Rush Limbaugh, Prosecutors Ink Deal to End Prescription Fraud Case
WEST PALM BEACH — Rush Limbaugh cannot own a gun and must submit to random drug tests under an agreement filed Monday that will dismiss a prescription fraud charge against the conservative commentator after 18 months if he complies with the terms.
Limbaugh said on his radio show that “I have been undergoing random drug tests for two years and seven months. In the agreement, I have not admitted guilt, so that’s the news.” He added: “Do you think if there was any real evidence, we would have reached a settlement?”
Under the deal reached last week, Limbaugh must also continue treatment for his admitted addiction to painkillers. Limbaugh pleaded not guilty Friday to the charge that he sought a prescription from a physician in 2003 without revealing that he had received medications from another doctor within 30 days.
“This is a common sense resolution and the appropriate way the state should treat people who have admitted an addiction to prescription pain medication and voluntarily sought treatment,” Limbaugh’s attorney, Roy Black, said in a statement Monday to The Associated Press.
The deal also requires that Limbaugh be available to a court officer for any questioning throughout the 18-month period. The Palm Beach County State Attorney’s Office may revoke or modify the deal if he violates the terms, according to the agreement.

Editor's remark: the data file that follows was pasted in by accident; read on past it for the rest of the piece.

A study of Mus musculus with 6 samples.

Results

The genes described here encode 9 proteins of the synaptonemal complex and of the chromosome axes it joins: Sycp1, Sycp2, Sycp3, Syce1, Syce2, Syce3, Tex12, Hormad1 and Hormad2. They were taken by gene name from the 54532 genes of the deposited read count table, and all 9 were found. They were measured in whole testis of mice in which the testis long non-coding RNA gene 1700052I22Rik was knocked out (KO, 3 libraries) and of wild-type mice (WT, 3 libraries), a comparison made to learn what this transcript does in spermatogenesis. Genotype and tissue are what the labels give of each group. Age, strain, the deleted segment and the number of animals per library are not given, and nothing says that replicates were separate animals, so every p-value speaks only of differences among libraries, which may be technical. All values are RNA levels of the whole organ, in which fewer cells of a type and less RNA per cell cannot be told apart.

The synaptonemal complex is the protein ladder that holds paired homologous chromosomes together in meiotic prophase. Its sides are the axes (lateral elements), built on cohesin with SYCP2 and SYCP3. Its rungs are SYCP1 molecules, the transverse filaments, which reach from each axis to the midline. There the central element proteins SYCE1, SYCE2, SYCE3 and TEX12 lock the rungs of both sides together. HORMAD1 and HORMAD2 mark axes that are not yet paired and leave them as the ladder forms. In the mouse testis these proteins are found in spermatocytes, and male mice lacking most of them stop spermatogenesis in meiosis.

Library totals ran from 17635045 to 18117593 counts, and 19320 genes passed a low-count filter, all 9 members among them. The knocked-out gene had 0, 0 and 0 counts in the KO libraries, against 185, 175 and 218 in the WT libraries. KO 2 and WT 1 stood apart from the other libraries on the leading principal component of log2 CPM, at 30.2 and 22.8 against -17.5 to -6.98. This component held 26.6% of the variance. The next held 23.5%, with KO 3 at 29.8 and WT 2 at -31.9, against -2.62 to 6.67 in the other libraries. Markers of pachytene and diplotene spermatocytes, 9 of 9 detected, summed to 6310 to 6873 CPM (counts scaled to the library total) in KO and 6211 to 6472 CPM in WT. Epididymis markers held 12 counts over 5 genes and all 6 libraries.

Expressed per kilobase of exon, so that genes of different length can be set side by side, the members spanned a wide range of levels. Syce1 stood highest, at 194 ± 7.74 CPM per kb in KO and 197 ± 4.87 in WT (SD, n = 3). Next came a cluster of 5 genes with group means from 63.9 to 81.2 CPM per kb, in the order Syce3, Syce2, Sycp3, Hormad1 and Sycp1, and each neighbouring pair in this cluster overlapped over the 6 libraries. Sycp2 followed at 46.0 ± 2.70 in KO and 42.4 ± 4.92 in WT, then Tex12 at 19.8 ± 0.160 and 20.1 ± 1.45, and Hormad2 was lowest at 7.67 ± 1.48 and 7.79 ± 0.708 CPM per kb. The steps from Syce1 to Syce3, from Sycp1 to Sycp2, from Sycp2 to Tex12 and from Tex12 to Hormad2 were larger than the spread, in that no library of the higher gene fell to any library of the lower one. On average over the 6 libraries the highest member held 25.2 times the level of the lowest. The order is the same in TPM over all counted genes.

Black said Limbaugh has seen a doctor and has been drug free for 2 1/2 years. “Folks, I haven’t even craved a painkiller since I got out of rehab,” Limbaugh told his listeners.
Prosecutors launched their investigation in 2003 after Limbaugh’s housekeeper alleged he abused OxyContin and other painkillers. He entered a five-week rehabilitation program that year and publicly blamed his addiction on severe back pain.
The 55-year-old commentator surrendered Friday at the Palm Beach County jail on a warrant on the charge commonly known as doctor shopping, a felony that could carry a sentence of up to 5 years in prison. Limbaugh was booked, photographed and fingerprinted before being released on $3,000 bail.
The deal ends a three-year investigation that Limbaugh blasted as a “fishing” expedition. He repeatedly maintained he was innocent.
Prosecutors accused him of illegally deceiving multiple doctors to receive overlapping prescriptions. After seizing his medical records, authorities learned Limbaugh received up to 2,000 painkillers, prescribed by four doctors in six months.
The single charge only represents Limbaugh allegedly illegally obtaining about 40 pills, said Mike Edmondson, a state attorney’s spokesman.
“The information in the charging document in this particular instance was only evidence sufficient to support that sole count and that did not reflect the totality of the evidence we had in the overall investigation,” Edmondson said.
He would not elaborate or explain why prosecutors scaled back the case.
Kendall Coffey, a former U.S. attorney and prominent Miami defense lawyer, said the agreement is a standard deal for first-time, nonviolent drug offenders.
“The essence of a pretrial diversion is that you do not acknowledge guilt,” Coffey said. “It doesn’t either vindicate the defendant’s innocence nor does it truly vindicate the prosecution’s assertion of guilt. In that sense, it’s a draw.”